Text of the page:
Author Rachel Held Evans has gained notoriety in Christian circles in recent years as a “progressive Christian.” Now she’s making waves on Facebook by asserting that we can’t suddenly strip Planned Parenthood of its funding.
Progressive Christianity is a liberal religion that leans more toward social justice, saving the earth, and even multiple views of Jesus’ purpose. A website devoted to progressive Christianity says it:
Affirm that the teachings of Jesus provide but one of many ways to experience the Sacredness and Oneness of life, and that we can draw from diverse sources of wisdom in our spiritual journey
Progressive Christianity includes churches that are part of the Religious Coalition for Reproductive Choice, a pro-abortion advocacy organization that includes the United Methodist Church, Presbyterian USA, Evangelical Lutherans and Episcopal Church.
Thus, it was not a surprise when Evans posted a status on Facebook that was mixed on the pro-life issue, saying she was pro-life but also doesn’t think defunding Planned Parenthood is the best idea; in fact, she says, that might actually increase abortions. Her rant was more a laundry list of all that is wrong with the pro-life movement in her view.
Many problems exist with the statements Evans makes here. First, there is no halfway on issues of life and death, so her opening, “I’m pro-life but…” is problematic in itself. The saying goes “when you say but, you cancel everything you just said before it,” and that’s what Evans does. Essentially, she says that by getting rid of the funding that supports the place that does 40 percent of all the abortions in the nation, where 94 percent of its services go to abortion, that we will actually increase abortion because we just haven’t thought this through enough to do it.
When babies are being shredded from the womb and picked apart in the lab and sold to researchers, we don’t stop and think about a plan to ease out of it happening; if we are pro-life, we stop it. Period.
However, a bigger problem with her post is ignorance. She says:
[C]ompletely defunding Planned Parenthood with no plan to replace its other services (like offering affordable contraception, gynecological services, and prenatal care to underprivileged women), could actually lead to more abortions.
This is simply not true. There are more clinics in the nation that provide every one of the services she mentions to underprivileged women than there are Planned Parenthood facilities. Additionally, Evans seems to think that services like prenatal care are dominant at Planned Parenthood when quite the opposite is true. Consider the numbers: According to Planned Parenthood’s own annual report, its prenatal services served 18,684 women, while its abortion total for the same report was 327,653. Evans has Planned Parenthood’s priorities reversed, but is using her public platform and the “Christian” label to do it.
But Evans’ own words show she is divided on the issue of abortion anyway. In a blog she wrote in 2013 entitled, “Why Progressive Christians Should Care About Abortion,” Evans says:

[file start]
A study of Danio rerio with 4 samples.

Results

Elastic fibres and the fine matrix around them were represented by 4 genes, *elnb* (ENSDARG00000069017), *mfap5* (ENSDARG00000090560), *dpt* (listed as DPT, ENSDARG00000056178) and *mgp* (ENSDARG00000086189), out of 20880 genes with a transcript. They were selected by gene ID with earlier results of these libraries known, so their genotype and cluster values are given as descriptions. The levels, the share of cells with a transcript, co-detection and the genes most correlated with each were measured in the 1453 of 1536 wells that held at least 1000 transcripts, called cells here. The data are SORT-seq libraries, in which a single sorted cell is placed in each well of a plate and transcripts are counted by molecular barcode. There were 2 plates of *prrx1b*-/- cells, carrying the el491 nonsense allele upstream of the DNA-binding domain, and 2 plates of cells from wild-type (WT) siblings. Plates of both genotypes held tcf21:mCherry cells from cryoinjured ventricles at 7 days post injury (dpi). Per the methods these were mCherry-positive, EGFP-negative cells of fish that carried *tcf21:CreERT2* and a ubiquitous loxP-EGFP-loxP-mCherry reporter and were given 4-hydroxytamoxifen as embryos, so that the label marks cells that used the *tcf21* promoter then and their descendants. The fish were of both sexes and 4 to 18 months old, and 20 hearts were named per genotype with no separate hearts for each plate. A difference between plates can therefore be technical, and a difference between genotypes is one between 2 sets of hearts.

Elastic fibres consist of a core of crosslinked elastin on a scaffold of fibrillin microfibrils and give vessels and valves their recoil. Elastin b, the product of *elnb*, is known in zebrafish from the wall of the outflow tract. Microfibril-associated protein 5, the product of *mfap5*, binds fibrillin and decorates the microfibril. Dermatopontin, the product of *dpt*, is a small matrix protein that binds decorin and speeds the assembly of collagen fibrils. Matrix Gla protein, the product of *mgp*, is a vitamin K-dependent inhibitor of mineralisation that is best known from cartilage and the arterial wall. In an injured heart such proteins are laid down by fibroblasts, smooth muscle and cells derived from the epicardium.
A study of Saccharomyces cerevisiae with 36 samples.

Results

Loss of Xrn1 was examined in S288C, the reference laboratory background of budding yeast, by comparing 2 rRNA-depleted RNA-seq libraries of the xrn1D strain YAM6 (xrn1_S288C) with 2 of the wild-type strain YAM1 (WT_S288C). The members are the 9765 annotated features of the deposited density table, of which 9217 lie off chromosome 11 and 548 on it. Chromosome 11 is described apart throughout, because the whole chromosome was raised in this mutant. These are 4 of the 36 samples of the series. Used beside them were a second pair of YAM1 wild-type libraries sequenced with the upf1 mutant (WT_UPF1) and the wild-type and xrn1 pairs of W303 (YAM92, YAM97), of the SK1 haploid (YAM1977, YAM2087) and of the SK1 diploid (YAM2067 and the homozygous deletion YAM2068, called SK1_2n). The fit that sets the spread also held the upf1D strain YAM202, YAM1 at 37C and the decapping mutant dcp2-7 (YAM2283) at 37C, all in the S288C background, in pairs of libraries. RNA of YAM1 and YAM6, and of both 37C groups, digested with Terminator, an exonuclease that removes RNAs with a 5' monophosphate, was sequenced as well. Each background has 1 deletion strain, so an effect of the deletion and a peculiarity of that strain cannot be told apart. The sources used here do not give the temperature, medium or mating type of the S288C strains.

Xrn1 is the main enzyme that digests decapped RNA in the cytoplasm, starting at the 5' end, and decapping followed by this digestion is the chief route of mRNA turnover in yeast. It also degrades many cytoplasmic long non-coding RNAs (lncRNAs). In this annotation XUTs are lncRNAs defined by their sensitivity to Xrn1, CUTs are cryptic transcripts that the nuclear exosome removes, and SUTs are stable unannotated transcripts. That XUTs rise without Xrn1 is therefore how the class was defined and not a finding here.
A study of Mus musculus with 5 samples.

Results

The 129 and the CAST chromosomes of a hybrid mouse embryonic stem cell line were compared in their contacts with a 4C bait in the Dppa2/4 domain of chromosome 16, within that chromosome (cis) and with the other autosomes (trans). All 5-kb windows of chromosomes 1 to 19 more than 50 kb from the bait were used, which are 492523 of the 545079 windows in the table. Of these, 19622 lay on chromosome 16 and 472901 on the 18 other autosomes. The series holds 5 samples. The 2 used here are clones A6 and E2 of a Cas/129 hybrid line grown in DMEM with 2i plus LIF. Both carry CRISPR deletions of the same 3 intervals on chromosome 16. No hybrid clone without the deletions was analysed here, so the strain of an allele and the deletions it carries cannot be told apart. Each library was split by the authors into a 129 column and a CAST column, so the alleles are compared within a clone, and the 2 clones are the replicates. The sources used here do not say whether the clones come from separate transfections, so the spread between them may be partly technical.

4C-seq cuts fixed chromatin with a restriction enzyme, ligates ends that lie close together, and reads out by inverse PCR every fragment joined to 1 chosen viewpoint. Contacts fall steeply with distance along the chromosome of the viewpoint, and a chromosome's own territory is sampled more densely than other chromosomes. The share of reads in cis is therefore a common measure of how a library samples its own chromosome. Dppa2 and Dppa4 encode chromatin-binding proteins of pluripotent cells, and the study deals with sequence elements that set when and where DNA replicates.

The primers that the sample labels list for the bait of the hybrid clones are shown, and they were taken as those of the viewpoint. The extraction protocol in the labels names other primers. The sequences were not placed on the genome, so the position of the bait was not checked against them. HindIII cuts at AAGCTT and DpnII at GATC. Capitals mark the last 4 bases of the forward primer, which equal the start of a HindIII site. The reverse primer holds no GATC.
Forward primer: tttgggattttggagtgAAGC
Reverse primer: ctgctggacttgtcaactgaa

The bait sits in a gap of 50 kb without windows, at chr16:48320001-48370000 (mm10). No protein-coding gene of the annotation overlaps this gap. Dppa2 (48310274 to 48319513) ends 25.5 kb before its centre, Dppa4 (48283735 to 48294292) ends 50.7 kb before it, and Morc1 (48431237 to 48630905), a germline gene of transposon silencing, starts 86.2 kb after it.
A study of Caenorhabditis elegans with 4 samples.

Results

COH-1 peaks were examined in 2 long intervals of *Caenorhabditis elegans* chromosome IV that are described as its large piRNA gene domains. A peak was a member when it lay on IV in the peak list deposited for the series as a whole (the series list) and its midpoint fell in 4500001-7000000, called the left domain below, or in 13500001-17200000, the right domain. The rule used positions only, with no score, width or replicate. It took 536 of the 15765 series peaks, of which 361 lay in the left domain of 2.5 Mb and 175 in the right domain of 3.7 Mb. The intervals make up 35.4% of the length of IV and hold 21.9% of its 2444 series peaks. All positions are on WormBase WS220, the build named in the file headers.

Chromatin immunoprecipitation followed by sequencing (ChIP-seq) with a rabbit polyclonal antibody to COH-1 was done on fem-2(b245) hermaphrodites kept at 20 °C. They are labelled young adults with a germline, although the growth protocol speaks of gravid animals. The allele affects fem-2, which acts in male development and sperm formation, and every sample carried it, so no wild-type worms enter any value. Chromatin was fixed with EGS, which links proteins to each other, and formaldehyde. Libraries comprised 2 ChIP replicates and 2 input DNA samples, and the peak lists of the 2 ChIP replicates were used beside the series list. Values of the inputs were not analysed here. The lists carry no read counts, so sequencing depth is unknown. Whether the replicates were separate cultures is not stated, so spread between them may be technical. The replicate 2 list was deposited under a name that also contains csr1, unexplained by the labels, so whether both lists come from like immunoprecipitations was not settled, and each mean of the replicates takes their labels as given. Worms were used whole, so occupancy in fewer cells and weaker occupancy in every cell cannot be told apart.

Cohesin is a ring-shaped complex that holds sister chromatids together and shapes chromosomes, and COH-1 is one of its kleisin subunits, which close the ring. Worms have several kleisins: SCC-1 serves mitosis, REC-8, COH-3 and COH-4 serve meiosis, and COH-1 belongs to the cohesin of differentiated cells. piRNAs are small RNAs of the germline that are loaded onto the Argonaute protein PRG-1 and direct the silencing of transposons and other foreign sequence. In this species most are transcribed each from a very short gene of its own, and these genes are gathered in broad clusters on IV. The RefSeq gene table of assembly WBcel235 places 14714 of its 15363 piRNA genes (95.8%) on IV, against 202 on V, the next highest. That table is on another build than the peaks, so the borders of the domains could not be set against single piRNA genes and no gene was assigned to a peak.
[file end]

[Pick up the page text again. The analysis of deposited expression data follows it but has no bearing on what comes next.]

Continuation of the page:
As I advocated for the election (and re-election) of President Obama, I confess I grew somewhat embarrassed by the pro-life cause.… Sometimes it seemed like abortion was the only social justice issue my evangelical friends cared about, so they turned a blind eye to the ways in which Republican politics might hurt other disadvantaged groups, or turned my advocacy on behalf of other causes (like gender equality, trafficking, peace, healthcare reform, gun control, etc.) as an opportunity to make a statement about the horrors of abortion in comparison.
Evans gets caught up in the lie that because we have other important social issues, as well as flaws, which merit our concern (true) we can’t passionately advocate for the end of abortion (false). Her reasoning resembles that of Planned Parenthood President Cecile Richards who declared that fetal tissue research was “laudable” because researchers were working on an Ebola vaccine, as if the death of a baby is the only way to develop a vaccine, so that death cancels out the moral wrong of abortion. Evans departs from biblical Christianity to defend a social justice cause that is apart from the Bible. This is also not surprising since she says she doesn’t know when life begins. In the same blog, she writes:
And when I was honest with myself, I had to admit that I don’t know exactly when life begins (at fertilization? at the first heartbeat? at the existence of brain waves?). Does the Bible, or Christian tradition, really make this abundantly clear? There is even disagreement among Christians about this, (and historically, even among evangelicals), so was it really my place to deny a woman who has been raped, for example, access to a morning-after pill?
It’s always wrong.
When the life or health of the mother is at stake?
In the case of rape or incest?
When a woman’s body naturally disposes of a zygote?
Perhaps this is why she supports some abortion, why she advocates for contraception and puts down those who oppose it—making no distinction between abortifacient contraception and their pro-life counterparts. No wonder she thinks we can’t just defund the abortion provider.
Ironically, Evans uses her “pro-life” post from 2013 to condemn the acts of Kermit Gosnell who crushed the skulls of babies born alive in his abortion clinic, just as it seems Planned Parenthood may be doing. She condemns Gosnell for tearing apart babies, but the comments she makes in light of the Planned Parenthood scandal suggest she isn’t quite sure that we can defund a place that might be doing the same now. Instead, Evans uses the “but they do so much good” argument mixed with a dose of “we need more social programs.”
More social programs are good, but defunding Planned Parenthood should be a non-negotiable. To Evans, it’s not even a good idea. Her progressive Christian flavor is actually a step backwards into darkness.